Is Working from Home and Homeschooling Realistic?
If I told you that teaching your child at home and still managing your career responsibilities and goals was possible, would you attempt them simultaneously? If you're like most parents, you're giggling at that question, but this framework will show you how it can be your new reality while functioning effortlessly.
If you're on the fence about homeschooling and are in the initial phase of choosing a schooling style best for your learner, this post will help you sift through the ways that traditional school differs from the possibilities of teaching at home. Every family's situation and needs are unique, and there are various styles of education that will fit yours. While making these decisions is never easy, it doesn't have to feel like traditional schooling is the only option. I had this mindset and even spent five years in a classroom teaching, but when it came to my own child's education, my parenting choices drastically opposed the perspective I once had as a conventional elementary educator. What works for my child and our family's demands won't be an exact match to what will suit you and your specific circumstances, but these ideas will offer a glimpse into the ways that learning at home could be the ideal possibility!
Where to Begin
The best piece of knowledge I can pass along when it comes to thinking about homeschool is that there is no blueprint but your own. Unlike traditional schooling, the schedule is yours to create and manipulate! All of the pieces your child would have as fillers during a traditional school day, including specials or enrichment courses (art, music, P.E., choir, etc.), recess, lunch, transitioning to and from tasks and classes, are not accounted for when considering how much time to allot for instruction. What would be required over a 45-minute class period with more than 20 students could mean that the same lesson concepts could be covered with your learner in only 20 minutes at home.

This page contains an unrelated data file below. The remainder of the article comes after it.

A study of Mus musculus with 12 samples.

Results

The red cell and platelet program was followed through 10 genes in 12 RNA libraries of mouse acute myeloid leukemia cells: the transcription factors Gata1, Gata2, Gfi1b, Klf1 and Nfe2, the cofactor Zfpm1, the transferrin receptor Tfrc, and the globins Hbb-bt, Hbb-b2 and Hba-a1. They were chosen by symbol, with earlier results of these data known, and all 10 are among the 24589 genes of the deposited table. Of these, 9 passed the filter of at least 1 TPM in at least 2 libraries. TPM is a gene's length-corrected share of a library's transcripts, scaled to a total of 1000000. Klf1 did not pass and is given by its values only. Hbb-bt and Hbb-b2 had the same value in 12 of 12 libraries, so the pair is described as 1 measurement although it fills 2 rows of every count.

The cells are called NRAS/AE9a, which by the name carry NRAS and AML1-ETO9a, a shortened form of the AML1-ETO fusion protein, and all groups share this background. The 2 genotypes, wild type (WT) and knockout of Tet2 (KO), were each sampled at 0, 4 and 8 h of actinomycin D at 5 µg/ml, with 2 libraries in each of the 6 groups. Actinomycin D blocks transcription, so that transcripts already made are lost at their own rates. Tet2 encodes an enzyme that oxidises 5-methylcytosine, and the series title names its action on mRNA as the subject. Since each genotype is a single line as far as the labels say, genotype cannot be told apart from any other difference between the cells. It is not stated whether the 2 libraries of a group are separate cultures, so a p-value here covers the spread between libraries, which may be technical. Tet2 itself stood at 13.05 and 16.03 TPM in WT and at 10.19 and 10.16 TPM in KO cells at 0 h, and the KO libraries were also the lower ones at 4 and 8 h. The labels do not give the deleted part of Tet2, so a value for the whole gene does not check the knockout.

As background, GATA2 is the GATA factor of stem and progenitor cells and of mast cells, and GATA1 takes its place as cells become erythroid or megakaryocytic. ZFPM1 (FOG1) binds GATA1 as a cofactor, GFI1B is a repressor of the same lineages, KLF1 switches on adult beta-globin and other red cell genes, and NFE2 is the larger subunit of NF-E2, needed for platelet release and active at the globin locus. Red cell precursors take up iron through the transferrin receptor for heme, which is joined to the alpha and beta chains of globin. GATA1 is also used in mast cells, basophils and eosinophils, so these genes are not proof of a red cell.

Create a Your Non-Negotiable Schedule
An easy way to launch into planning when to plug in homeschool is to first fill in what tasks and obligations already exist. For example, if you hold a traditional 9-5 work schedule, those hours would be the first to omit from the possible times for instruction. If you and your child are early risers, it is very possible to tackle an hour of learning before your work day begins. Maybe you don't have a set schedule, but rather a changing meeting timetable from day to day, which makes your options more open for plugging in learning when available or choosing a time around your preexisting obligations. Remember this is 1-on-1, focused learning, unlike a traditional setting it will be
Outline a Desired Routine
Although your schedule may vary from day to day, outlining a routine can help to keep structure within your child's expectations during each learning time at home. The time the routine takes place can change, but creating a regime helps to set a pattern for your child to follow each time. Parts of your routine may include independent reading, pieces of your chosen curriculum, math games, but each task should have a designated spot in the line up and once settled should become automatic for you and your learner before long.
Flexibility and Grace
Take time to adjust your approach to find what works not only for your child's educational needs, but also for your sanity. The special ingredient to success is the intention behind teaching your child, creating the optimal environment and learning opportunities for their progression. You know your learner best, making your attempts at homeschool the prime venture toward his or her academic success. This adventure will be amazing for your journey together, regardless of the adjustments made along the way.